The other day I saw a “tiny house,” one of those “less than 500 square feet homes that can be had for under $30,000. Huh, I thought, financially limited Baby Boomers could get one these, buy a piece of land, arrange utilities and park it there. Eureka! A debt-free retirement solution for those on a tight budget.
Wondering if this were feasible, I did a little research. First, for those who are not familiar with what “tiny homes” are, take a look at “Ready to Roll: 13 Cool Tiny Houses on Wheels.” These are nice little designs with impressive amenities, just …well, tiny.
How Much does a Tiny Home Cost?
This is a newer market. It appears that DIY kits start under $7,000 for a 200 square-foot design. A fully decked out tiny home on a mobile chassis, however, will run $70,000 or more. To see examples of pricing for complete tiny homes mounted on trailers, I suggest looking at the Tiny House Marketplace.
Of course, if a tiny home is envisioned as a residence, the cost of land and utilities must be added. Ouch, this could get expensive. Pretty soon, the pricing is competing with a single-wide mobile home already installed on a piece of land or traditional housing in cheaper parts of the country.
Are Tiny Homes a Solution Hunting for a Problem?
Most municipalities have problems with authorizing tiny homes as residences. There are safety and zoning issues. Also, people are worried about the impact on existing home values.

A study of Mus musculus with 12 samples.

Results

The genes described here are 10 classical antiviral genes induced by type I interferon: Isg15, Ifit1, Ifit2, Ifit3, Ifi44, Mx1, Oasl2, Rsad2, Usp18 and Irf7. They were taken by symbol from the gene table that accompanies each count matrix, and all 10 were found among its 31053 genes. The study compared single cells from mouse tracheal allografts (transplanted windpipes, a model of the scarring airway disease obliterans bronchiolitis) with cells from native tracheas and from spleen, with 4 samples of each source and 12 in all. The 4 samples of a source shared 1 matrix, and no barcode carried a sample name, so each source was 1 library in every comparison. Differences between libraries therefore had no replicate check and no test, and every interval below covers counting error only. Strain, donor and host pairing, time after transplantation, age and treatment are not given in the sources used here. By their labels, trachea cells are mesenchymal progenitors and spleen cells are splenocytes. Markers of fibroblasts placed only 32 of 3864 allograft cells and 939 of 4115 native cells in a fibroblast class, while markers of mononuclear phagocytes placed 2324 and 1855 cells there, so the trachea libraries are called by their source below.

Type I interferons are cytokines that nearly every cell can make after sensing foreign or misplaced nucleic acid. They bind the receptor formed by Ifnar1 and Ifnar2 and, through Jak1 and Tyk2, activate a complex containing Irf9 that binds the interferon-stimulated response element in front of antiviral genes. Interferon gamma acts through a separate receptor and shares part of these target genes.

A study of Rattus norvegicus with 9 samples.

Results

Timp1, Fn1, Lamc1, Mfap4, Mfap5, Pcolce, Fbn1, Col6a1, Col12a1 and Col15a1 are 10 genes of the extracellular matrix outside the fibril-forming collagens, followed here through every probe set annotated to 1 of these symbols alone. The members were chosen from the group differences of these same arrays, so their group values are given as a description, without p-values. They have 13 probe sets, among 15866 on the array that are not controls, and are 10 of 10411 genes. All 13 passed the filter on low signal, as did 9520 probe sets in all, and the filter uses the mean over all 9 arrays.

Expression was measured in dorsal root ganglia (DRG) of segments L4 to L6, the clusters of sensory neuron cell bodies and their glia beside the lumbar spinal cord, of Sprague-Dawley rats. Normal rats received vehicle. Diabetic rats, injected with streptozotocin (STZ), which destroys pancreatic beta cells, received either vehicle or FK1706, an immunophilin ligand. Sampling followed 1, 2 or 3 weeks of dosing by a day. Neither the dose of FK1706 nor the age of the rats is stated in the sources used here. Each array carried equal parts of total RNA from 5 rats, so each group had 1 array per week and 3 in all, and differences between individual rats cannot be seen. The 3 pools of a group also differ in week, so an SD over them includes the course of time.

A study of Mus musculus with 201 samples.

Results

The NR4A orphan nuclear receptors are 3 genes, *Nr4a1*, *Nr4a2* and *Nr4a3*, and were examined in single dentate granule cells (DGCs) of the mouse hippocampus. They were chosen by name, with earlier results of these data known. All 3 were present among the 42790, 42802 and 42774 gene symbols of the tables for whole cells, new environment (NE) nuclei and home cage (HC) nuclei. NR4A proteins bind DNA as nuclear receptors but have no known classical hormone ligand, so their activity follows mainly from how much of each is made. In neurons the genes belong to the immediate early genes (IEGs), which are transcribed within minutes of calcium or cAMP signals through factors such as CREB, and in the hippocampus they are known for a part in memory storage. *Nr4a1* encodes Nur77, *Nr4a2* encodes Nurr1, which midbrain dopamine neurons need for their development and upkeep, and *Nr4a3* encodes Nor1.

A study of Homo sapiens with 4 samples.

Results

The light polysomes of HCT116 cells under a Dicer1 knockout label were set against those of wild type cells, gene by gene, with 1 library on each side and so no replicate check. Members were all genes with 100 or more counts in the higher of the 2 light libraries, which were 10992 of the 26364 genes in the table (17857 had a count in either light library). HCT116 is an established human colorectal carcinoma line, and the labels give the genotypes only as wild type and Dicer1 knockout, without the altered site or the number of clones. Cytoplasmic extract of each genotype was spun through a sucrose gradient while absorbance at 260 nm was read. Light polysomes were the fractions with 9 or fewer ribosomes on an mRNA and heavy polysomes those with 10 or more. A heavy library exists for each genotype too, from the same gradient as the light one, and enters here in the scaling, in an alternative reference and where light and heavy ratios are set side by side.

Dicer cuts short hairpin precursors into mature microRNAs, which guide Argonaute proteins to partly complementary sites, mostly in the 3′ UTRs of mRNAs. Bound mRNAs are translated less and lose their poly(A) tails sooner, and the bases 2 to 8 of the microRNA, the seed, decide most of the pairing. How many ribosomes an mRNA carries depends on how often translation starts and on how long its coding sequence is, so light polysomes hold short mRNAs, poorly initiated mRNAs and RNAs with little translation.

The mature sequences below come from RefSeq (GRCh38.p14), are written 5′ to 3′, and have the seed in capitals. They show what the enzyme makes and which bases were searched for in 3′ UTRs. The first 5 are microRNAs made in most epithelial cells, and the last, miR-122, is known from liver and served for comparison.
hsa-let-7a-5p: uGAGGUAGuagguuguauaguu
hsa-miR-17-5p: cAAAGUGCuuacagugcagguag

So, tiny homes appear to be finding a market as second homes in unincorporated areas, say as a vacation cabin, or as “bug out” places for preppers. Hey, all you have to do is dig a well and install solar panels to have a self-sufficient hideaway.
For more insight into tiny home issues, we suggest reading:
- Tiny houses are trendy, minimalist and often illegal
- 7 things to consider before moving into a tiny house
The Bottom Line for Boomers
Although there is something intuitively attractive about the interior of tiny houses, they do not appear to be a feasible answer for retiring Baby Boomers seeking to have a low-cost roof over their heads. A better solution would be to relocate to a cheaper location or retire abroad where the dollar goes further.